How To Make Matzo Brei

Lesléa Newman.
Honoring the many different voices of Jewish poets.

It has to be Sunday morning,
not just any Sunday morning
the Sunday morning of Passover

after you’ve gone without bread
bagels, rolls, muffins, crackers, cookies,
cupcakes, donuts for days and days and days

and you think if you see one more piece
of dry, brown, brittle, tasteless
as cardboard matzo you’ll scream

then it is time. It has to be cold
outside, not you-can-see-your-breath cold
just an early morning chill that makes you glad

to be tucked inside the house, in the kitchen
with your daddy, just the two of you
everyone else upstairs, even the dog

asleep. He has to be just out of the shower,
black wavy hair still damp, smelling
sweetly of aftershave, and wearing

freshly pressed black slacks
a long sleeved maroon shirt
shiny shoes, gold wedding  band

on his left hand, on his right that heavy
college ring with the big purple stone that squashes
your fingers when you hold hands with him

but you don’t really mind.
Everything has to be all set out and ready to go:
a box of matzo waiting to be opened,

half a dozen eggs waiting to be cracked,
a carton of milk, salt and pepper,
your special Fred Flintstone glass

he got free at the gas station
last time he filled the tank,
a fork, a plate, a pot, a frying pan.

You have to be sleepy,
eyes crusty in the corners,
sour taste in your mouth,

still in your pajamas, scruffy
slippers on your feet. He has to bow
from the waist when you come downstairs

so you feel like a princess, not
just his princess, but a real princess
when he pulls out a yellow vinyl chair

so you can sit at the table and watch
him cook the only meal he makes all year.
“Now,” he says, opening the box of matzo

and crumbling eight pieces into the metal pot,
then soaking them in water, not too hot,
not too cold, but just right. “Are you ready,”

he asks, “for the best breakfast you’ve ever
had in your whole life?” “Better than last year?”
you ask, though of course you know the answer.

“Last year was nothing,” your father scoffs,
as he always does, draining the matzo and holding it
back from the edge of the pot with the heel

of his hand. “Last year was just practice,”
he says, cracking four eggs against the side
of your Fred Flintstone glass and mixing them

up with a fork while he prances about
singing “Frere Jacques
in a fake French accent that makes you laugh.

You have to leap up as he adds milk
to the beaten eggs, pours the mixture
over the soggy matzo, sprinkles in salt and pepper

and looks around for the stick of butter
he forgot to take out of the refrigerator.
You hold it out to him on the palm

of your hand like a birthday present
and he says, “Merci, Madamoiselle,”
before he accepts your offering, slices it up,

drops the pats into the pan and turns
the knob on the stove so the flame is not too high
not too low, but just right. He pours the uncooked

matzo brei into the pan, studies it, adjusts
the flame again, holds the spatula high
as the room starts to smell

like a holiday. You have to set the table
without being asked, folding the napkins
just so, forks on the left, knives and spoons

on the right, everything perfect just this one
Sunday morning, no  big or little brother teasing you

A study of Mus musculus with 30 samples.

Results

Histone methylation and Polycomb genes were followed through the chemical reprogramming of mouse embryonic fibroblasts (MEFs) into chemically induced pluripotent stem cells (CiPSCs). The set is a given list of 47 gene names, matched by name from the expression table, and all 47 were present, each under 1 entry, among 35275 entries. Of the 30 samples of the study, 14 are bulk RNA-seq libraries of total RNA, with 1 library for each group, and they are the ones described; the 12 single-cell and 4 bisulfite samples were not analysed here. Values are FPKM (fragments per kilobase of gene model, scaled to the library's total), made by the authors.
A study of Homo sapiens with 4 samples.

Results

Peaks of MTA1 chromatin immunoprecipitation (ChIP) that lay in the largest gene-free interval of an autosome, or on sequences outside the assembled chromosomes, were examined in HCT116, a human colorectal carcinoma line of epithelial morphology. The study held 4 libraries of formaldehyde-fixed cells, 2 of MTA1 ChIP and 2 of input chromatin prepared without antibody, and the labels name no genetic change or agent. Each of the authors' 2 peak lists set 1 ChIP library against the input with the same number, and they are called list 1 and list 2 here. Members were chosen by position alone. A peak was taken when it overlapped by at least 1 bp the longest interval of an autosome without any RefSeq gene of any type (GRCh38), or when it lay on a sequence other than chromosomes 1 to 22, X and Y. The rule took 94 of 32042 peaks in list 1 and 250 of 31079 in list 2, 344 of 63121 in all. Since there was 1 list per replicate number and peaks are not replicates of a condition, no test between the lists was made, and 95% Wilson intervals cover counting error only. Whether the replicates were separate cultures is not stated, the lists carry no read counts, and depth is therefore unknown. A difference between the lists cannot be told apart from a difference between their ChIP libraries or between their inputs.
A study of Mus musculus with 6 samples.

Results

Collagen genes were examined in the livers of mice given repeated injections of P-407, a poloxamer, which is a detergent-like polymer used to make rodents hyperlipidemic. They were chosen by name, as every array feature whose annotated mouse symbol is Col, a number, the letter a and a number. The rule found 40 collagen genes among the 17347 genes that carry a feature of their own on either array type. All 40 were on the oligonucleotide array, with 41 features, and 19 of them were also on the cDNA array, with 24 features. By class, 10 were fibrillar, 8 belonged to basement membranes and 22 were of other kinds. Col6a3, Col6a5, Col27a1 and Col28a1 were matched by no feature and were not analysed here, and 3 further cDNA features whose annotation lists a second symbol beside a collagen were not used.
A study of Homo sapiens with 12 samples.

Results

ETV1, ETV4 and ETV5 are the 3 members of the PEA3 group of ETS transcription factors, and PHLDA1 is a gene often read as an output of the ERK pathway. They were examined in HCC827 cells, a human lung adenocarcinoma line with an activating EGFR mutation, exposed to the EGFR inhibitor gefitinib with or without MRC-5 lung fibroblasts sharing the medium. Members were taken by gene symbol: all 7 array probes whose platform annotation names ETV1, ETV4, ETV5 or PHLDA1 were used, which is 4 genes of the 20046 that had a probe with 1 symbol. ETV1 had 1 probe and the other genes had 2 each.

about having frizzy hair and being fat

no mother telling you to go upstairs and change your clothes
you’re not leaving the house looking like that
just you and your dad and a pan full

of matzo brei sizzling on the stove
waiting for the big moment
when he slides his hands

inside black-and-white oven mitts
that look like cows,
covers the pan with a large China plate

throws you a look that says
wish me luck and flips the whole thing
upside down. You  have to hold your breath

as he removes the pan, steps back and crows
Voila!” pronouncing it like the instrument
your best friend plays in orchestra,

proud as a little boy who has just learned
to write his name
at the sight of the matzo brei

resting on the plate all in one piece.
“Now for the grand finale,” he announces,
as if you’ve never seen this before.

Still you have to watch, fingers crossed,
as he slides the whole thing off the plate
back into the pan and blinks at the miracle

of the matzo brei, still intact, still unbroken
just like your family
now that your mother and your brothers

and the dog have all drifted
downstairs summoned by the aroma
of melting butter and frying egg

which makes your mouth water
even though you think eggs are disgusting
but this breakfast is different

everybody dopey, sleepy, happy,
like the Seven Dwarves
though no one is grumpy

not even your mother
who isn’t fond of others
making such a mess in her kitchen

not even your father
who is carefully cutting
the matzo brei into five even triangles

with the edge of his shiny spatula
and placing them delicately onto plates
you pass around the table

like awards that have been hard won.
And when the first bite is taken
you have to admit how good it is

to be sitting here with your family
your mother to your left
your brothers across from you,

your dog under your feet,
your father to your right
winking at you, his helper,

his pal, his partner-in-crime. And you have
to wink back and clean your plate completely
unaware that years from now

on a lonely Sunday morning
this memory will appear
out of nowhere

and catch in your throat
like a lump of chewy matzo brei
that refuses to go down.


"How To Make Matzo Brei" © 2008 Lesléa Newman from Nobody's Mother (Orchard House Press, Pt. Orchard, WA)

Topics: Food, Passover, Poetry

Newman, Lesléa. "How To Make Matzo Brei." 9 April 2012. Jewish Women's Archive. (Viewed on May 23, 2024) <>.